On this blog you follow me on my search for teas and at my tasting sessions, and I thank you. Sometimes I also talk about pairings of teas and food, and I should also tell you about the tastings I’ve enjoyed so much in the company of chefs and tasters of other quality products such as chocolate and oil.
But I have another mission, which is to share knowledge. I’ve learnt everything I know about tea from farmers and planters: every trip, everyone I meet, every tea I taste, throughout the year. I’ve been learning for 30 years and I know just enough to understand that I’ll never have time to completely get to grips with the subject. One lifetime is not enough, not nearly enough, to learn everything there is to know about tea. Since the start of our Palais des Thés story, and quite quickly with the Tea School, sharing knowledge has come to play an important role in our company. Today we’ve passed a very important milestone. With the help of my knowledgeable entourage, I’ve developed a practical and theoretical exam that will recognise, promote and encourage the best tea experts. So far, five people have been awarded this Tea Sommelier certification. Here I am with two of them, Nathanaëlle, our store manager in Marseille, and Manuela, a sales advisor in Paris, both of whom have accompanied me on a trip to Darjeeling. Well done to these two!
The landscapes of Darjeeling are among the most incredible in existence. Not because they’re better than anywhere else in terms of their beauty, but because of the unique speed with which the scenery in this region changes. You can go from a hailstorm to a beautiful blue sky in less time than it takes to say those words, and the mist can be so thick that sometimes, when walking in these parts, you even lose sight of the ends of your shoes. After all, the name Darjeeling comes from the Tibetan “Dorje Ling”, which means “the land of storms” – here, the skies rule. Naturally, these climatic variations and the extreme temperature changes that accompany them have a major influence on the quality of the tea, which is why, in Darjeeling and in Nepal, the characteristics of teas picked in the spring, summer and autumn differ so much. In no other tea-producing region of the world do we see such variation between teas from one season to another, in terms of their organoleptic qualities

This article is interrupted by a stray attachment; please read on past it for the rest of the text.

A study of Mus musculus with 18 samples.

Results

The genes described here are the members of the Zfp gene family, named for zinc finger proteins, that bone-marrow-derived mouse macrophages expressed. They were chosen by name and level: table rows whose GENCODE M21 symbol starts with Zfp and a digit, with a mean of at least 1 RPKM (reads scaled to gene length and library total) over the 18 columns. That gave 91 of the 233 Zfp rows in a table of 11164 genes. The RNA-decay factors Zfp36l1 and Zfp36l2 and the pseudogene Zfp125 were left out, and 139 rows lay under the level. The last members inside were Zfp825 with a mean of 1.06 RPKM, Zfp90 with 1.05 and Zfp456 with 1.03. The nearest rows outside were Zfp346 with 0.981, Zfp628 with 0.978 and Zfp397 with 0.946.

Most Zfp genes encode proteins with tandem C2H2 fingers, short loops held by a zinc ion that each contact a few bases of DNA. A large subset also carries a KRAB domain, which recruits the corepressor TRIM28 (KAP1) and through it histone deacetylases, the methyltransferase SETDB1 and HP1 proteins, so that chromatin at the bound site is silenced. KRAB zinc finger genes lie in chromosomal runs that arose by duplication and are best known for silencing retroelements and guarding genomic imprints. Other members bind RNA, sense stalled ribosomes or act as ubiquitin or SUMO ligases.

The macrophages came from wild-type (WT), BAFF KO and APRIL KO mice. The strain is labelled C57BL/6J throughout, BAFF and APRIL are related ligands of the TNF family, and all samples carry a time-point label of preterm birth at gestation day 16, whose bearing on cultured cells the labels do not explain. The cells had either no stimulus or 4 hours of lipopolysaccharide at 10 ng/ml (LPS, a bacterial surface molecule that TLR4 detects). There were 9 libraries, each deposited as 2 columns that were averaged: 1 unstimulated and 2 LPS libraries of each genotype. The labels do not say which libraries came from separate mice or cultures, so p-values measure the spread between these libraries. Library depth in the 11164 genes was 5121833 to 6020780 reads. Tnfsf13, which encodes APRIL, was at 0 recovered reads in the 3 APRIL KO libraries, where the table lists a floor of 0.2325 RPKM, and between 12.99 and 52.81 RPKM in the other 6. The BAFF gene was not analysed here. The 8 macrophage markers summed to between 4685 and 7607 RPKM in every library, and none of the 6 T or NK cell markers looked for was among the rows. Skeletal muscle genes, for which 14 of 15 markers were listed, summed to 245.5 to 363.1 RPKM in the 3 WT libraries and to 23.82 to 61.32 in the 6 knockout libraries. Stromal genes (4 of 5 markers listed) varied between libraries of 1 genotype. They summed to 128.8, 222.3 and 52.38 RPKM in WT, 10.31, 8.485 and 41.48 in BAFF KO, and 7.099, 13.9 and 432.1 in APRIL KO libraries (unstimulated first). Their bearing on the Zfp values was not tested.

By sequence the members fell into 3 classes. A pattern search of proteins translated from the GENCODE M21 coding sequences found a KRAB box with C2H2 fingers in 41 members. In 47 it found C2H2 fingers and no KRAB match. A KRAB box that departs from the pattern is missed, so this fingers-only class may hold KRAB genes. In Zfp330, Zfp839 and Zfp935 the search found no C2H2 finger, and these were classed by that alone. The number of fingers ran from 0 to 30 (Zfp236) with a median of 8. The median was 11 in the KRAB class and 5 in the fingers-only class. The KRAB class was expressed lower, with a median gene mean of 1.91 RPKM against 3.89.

I’ve just got back from Darjeeling. Every year I invite store managers to visit the plantations with me. I remember the beginnings of Palais des Thés. I spent the first three years of this great adventure in the shop, behind the counter, serving customers. At the time I’d never seen a tea plant. Then I packed my bag and set off to explore the tea mountains of China, Japan and India, followed by other countries. This experienced completely changed me and the connection I had with tea. Tea became my passion. This connection became strong, rich and powerful. My life changed.
That’s why I want our store managers to have the same opportunity as I did, to discover tea in its natural surroundings, to meet the people who work with tea, from the pickers to the farmers and those who manufacture it. The opportunity to understand the climate, the soil, the varieties and the production methods. Tea is a whole world in itself, just like wine. You only need to alter one aspect slightly – a change in altitude or orientation, a less steep slope, a hybrid cultivar, a downpour during processing, or whatever – to give tea a different flavour. Nothing replaces hands-on experience. These store managers return with joyful hearts and wonderment in their eyes. Now it’s their turn to dream of those misty mountains, of the people they met, the smiles they exchanged. And above all, to share their dreams with their staff, their customers and the people around them. You have to experience tea to understand it.